Tuesday, April 21, 2009

Pet Puppy Selection Simplified

I get asked frequently; how to select a pet puppy. I am going to avoid discussing breed, gender and working aptitude selection in this post (subjects I will address in future posts). Here I will focus on the most basic aspects of selecting a pet puppy.

Far too often puppy selection is made out to be complicated. When testing for social attraction, resistance to restraint, social and elevation dominance, touch/sound/sight sensitivity and prey/retrieve drive, we tend to lose sight of what I believe to be the most important trait a pet puppy can posses, confidence. Assessing confidence can be done simply and fairly informally.

The first impression is important, so start to observe the pup(s) from the moment you arrive. This initial introduction can be the best gauge of confidence. The outgoing pup(s) are confident and show properly developing social skills with people. Separate the pups to observe them individually as well. The pup(s) that shy away, avoid or bond quickly and closely to one person (while avoiding others) are lacking confidence and could develop antisocial or even dangerous behavior as they mature. As hard as it is to leave that cute, shy pup with the puppy-dog-eyes, you will likely be avoiding years of frustration by doing so.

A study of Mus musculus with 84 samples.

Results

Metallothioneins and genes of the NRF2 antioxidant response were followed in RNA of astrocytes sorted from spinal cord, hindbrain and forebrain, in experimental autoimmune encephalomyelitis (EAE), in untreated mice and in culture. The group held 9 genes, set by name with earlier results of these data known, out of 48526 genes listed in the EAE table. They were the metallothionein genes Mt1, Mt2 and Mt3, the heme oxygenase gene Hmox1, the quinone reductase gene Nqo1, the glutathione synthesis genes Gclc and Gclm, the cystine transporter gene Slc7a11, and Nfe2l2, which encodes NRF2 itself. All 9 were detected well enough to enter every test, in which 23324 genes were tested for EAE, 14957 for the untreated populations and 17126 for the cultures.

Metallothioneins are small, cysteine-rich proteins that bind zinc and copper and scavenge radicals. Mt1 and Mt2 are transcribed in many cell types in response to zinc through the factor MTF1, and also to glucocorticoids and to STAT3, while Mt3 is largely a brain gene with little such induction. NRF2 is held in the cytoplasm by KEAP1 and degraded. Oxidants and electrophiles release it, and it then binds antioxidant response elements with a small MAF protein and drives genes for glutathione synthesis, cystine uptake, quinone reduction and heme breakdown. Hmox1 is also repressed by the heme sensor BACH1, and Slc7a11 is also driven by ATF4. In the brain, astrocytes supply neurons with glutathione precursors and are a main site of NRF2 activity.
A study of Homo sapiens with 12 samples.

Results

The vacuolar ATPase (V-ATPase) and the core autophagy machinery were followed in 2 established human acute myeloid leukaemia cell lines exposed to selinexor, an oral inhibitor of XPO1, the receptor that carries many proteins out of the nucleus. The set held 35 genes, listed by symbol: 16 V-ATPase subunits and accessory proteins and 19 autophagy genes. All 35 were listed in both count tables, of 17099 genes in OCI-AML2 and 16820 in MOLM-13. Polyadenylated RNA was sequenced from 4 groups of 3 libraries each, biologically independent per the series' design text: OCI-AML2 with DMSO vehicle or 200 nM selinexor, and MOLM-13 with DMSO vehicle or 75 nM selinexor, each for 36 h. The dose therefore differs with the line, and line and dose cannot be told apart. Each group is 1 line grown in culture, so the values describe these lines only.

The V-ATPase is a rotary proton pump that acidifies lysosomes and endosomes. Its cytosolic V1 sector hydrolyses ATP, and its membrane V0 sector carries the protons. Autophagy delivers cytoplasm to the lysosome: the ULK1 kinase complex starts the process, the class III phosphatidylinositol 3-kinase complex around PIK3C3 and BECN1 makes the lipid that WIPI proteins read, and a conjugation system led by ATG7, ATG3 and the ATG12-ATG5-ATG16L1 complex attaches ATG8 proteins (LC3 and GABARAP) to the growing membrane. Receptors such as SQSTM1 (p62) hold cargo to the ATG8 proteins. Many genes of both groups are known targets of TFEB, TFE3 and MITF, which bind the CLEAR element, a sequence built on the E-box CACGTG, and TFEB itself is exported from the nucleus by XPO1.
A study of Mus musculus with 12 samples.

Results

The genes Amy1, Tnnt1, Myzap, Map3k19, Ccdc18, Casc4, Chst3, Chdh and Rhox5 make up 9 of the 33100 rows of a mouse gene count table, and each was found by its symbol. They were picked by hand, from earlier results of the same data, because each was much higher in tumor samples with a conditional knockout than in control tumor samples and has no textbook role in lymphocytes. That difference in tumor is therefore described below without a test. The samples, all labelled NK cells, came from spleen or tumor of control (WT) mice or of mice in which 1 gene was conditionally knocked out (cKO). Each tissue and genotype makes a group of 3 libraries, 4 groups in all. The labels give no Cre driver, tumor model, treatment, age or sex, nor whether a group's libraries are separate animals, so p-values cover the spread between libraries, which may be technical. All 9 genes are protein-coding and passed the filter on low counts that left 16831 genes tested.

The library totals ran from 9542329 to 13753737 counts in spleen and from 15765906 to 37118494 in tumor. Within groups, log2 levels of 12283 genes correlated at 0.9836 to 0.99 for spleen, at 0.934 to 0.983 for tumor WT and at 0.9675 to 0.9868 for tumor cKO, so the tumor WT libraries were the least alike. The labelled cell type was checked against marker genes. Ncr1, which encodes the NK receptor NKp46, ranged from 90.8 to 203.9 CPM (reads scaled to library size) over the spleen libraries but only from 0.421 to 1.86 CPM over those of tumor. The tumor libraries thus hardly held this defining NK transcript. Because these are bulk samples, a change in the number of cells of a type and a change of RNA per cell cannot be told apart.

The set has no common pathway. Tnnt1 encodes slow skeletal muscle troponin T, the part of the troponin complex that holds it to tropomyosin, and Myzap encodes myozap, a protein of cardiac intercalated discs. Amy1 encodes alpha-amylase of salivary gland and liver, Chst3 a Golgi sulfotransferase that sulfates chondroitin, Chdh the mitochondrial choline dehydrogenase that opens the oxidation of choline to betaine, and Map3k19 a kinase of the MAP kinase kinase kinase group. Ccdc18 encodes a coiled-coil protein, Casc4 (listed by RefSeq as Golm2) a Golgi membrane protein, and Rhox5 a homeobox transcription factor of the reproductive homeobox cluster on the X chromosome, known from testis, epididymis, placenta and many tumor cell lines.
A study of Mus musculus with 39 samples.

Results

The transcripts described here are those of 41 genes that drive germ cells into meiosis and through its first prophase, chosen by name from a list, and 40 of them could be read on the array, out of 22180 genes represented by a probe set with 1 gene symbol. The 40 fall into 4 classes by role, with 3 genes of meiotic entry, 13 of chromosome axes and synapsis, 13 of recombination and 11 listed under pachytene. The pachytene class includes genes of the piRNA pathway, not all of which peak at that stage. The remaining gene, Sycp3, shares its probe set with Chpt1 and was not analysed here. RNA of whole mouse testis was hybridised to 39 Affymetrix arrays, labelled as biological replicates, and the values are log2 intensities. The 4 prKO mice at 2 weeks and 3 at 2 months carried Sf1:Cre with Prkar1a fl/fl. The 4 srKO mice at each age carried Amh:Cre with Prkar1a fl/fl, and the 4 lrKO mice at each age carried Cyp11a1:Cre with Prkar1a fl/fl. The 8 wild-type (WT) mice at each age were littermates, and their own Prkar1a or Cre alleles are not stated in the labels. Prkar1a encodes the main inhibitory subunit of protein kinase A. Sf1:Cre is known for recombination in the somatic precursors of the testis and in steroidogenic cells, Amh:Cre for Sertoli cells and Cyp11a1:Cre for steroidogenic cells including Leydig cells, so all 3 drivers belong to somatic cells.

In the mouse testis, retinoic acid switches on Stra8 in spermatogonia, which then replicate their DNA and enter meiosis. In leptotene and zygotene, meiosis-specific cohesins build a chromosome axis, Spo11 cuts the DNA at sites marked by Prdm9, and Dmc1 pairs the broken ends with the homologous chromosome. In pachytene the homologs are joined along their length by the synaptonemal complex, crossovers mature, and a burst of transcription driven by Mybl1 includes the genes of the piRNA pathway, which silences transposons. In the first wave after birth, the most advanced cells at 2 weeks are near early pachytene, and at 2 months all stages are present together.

Selecting a pup by color size or cuteness while disregarding temperament should be avoided. If you don't like what you see when evaluating a litter's temperament do not settle. Be willing to leave without a pup and continue your search. When you select a confident puppy you will be setting yourself and the puppy up for a successful life together.

Look for future posts discussing breed, gender and energy level selection as well as selection for working aptitude.